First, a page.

Paeonia decomposita Hand.-Mazz.


Kindly sponsored by
Sponsored by David Sayers in memory of Hedvika Fraser.

Credits

Julian Sutton (2020)

Recommended citation
Sutton, J. (2020), 'Paeonia decomposita' from the website Trees and Shrubs Online (treesandshrubsonline.org/articles/paeonia/paeonia-decomposita/). Accessed 2021-10-15.

Genus

Common Names

  • sichuan mu dan

Glossary

endemic
(of a plant or an animal) Found in a native state only within a defined region or country.
hybrid
Plant originating from the cross-fertilisation of genetically distinct individuals (e.g. two species or two subspecies).

Credits

Julian Sutton (2020)

Recommended citation
Sutton, J. (2020), 'Paeonia decomposita' from the website Trees and Shrubs Online (treesandshrubsonline.org/articles/paeonia/paeonia-decomposita/). Accessed 2021-10-15.

Shrub to 1.8 m, glabrous throughout. Stems to 2 cm diameter; bark grey-black, peeling off in flakes. Lower leaves 3–4 times compound, mostly triternate-pinnate, ternate-bipinnate or biternate-bipinnate, with 29–65 leaflets; terminal leaflets elliptic to orbicular, 3-lobed to the base, the terminal lobe itself 3-lobed; lateral leaflets elliptic to orbicular, 3-lobed or toothed. Flowers solitary, terminal, April–May in China, with 2–3(–5) unequal, linear-lanceolate bracts; sepals 3–5, obovate with caudate apex; petals 9–12, rose, obovate, 4–7 × 3–5 cm, apex usually lobed and toothed; disc half-enveloping carpels at anthesis, leathery, white or yellowish, with triangular teeth; styles 1–2.5 mm, stigmas red. Follicles black-brown when mature, ellipsoid, 2–4 × 1.3–1.7 cm. Seeds glossy black, 8–10 × 6–8 mm. (Hong et al. 2001Hong 2010, 2011)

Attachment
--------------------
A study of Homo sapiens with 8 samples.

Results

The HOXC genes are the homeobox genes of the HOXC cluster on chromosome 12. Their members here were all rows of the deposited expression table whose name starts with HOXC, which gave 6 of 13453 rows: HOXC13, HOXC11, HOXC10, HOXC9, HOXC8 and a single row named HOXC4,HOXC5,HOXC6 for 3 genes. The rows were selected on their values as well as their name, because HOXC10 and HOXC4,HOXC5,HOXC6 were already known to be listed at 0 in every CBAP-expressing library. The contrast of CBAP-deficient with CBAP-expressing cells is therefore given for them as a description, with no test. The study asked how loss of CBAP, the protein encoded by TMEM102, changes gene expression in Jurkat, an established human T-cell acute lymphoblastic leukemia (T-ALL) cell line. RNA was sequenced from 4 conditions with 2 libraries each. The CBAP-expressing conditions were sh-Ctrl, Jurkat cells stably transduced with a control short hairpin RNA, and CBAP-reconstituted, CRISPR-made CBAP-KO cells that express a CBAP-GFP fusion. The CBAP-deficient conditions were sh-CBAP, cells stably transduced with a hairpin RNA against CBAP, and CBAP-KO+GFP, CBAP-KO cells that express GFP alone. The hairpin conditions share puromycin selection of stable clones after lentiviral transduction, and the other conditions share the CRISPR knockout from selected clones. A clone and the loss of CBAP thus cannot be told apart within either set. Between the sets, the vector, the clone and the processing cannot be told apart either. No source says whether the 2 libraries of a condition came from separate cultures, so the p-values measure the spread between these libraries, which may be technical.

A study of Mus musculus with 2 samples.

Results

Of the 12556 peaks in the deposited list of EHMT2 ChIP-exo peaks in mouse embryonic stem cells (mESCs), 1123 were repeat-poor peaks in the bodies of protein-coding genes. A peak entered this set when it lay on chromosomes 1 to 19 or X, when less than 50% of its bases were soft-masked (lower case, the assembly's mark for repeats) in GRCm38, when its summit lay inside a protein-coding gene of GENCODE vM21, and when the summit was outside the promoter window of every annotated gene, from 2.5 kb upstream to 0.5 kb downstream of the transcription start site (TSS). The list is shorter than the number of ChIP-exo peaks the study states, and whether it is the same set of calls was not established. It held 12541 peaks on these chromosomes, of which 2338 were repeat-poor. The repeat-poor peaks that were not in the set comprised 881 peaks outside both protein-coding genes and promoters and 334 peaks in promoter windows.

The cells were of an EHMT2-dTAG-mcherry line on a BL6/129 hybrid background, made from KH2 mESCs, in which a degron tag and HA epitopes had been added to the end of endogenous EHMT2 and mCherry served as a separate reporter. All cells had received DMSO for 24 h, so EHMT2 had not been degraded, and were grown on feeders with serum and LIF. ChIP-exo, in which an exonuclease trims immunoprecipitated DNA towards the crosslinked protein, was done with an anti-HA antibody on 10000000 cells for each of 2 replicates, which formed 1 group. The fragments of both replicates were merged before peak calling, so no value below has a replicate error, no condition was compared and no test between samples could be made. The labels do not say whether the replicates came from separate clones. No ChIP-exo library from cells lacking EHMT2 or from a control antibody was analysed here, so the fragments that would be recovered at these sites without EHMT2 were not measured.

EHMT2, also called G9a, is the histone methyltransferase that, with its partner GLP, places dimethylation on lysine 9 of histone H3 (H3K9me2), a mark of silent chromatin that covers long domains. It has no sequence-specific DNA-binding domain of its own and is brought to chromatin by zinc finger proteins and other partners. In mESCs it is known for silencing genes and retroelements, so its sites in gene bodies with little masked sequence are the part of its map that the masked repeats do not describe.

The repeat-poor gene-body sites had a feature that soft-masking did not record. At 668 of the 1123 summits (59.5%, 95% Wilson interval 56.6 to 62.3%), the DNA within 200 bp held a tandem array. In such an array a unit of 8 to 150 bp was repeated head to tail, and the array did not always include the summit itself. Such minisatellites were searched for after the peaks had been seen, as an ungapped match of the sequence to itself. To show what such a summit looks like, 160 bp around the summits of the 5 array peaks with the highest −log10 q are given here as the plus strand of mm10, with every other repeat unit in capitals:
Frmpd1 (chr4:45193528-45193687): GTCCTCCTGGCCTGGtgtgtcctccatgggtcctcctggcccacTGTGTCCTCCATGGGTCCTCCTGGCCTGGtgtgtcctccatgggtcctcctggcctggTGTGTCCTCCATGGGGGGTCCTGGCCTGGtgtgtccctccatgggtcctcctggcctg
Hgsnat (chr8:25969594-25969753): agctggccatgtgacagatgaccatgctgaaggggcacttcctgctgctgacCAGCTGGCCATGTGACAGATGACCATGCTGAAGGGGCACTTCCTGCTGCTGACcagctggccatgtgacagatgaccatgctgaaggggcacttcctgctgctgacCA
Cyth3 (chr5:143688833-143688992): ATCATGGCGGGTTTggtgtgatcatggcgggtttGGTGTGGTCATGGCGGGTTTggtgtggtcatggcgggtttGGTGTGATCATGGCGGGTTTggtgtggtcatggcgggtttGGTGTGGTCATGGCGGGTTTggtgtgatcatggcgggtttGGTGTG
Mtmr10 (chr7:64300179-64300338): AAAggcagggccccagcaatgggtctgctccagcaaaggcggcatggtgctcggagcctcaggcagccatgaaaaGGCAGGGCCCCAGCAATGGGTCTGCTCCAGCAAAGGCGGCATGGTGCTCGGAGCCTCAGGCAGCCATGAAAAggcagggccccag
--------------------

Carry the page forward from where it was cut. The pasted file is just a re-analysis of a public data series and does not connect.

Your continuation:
Distribution  China NW Sichuan (Dadu River Valley)

Habitat Thickets; young secondary deciduous forest; sparse Cupressus chengiana forest; 2000-3100 m.

Conservation status Not evaluated (NE)

This pink-flowered species has made little or no impact on cultivation. It is a narrow endemic, existing as a few populations threatened by habitat degradation, inbreeding and digging for medicine or local gardens (Hong 2010; Hong 2011; Wang 2019). The species was previously more broadly drawn: subsp. rotundiloba D.Y. Hong was raised to specific rank by Hong (2011). Records of P. decomposita in cultivation in our area (Centro Botanico Moutan 2020) might then be treated with caution, due to possible confusion with P. rotundiloba, which is more certainly grown in Europe. Zhou et al. (2014) found no good molecular evidence that P. decomposita was one of the progenitors of hybrid woody peonies in China.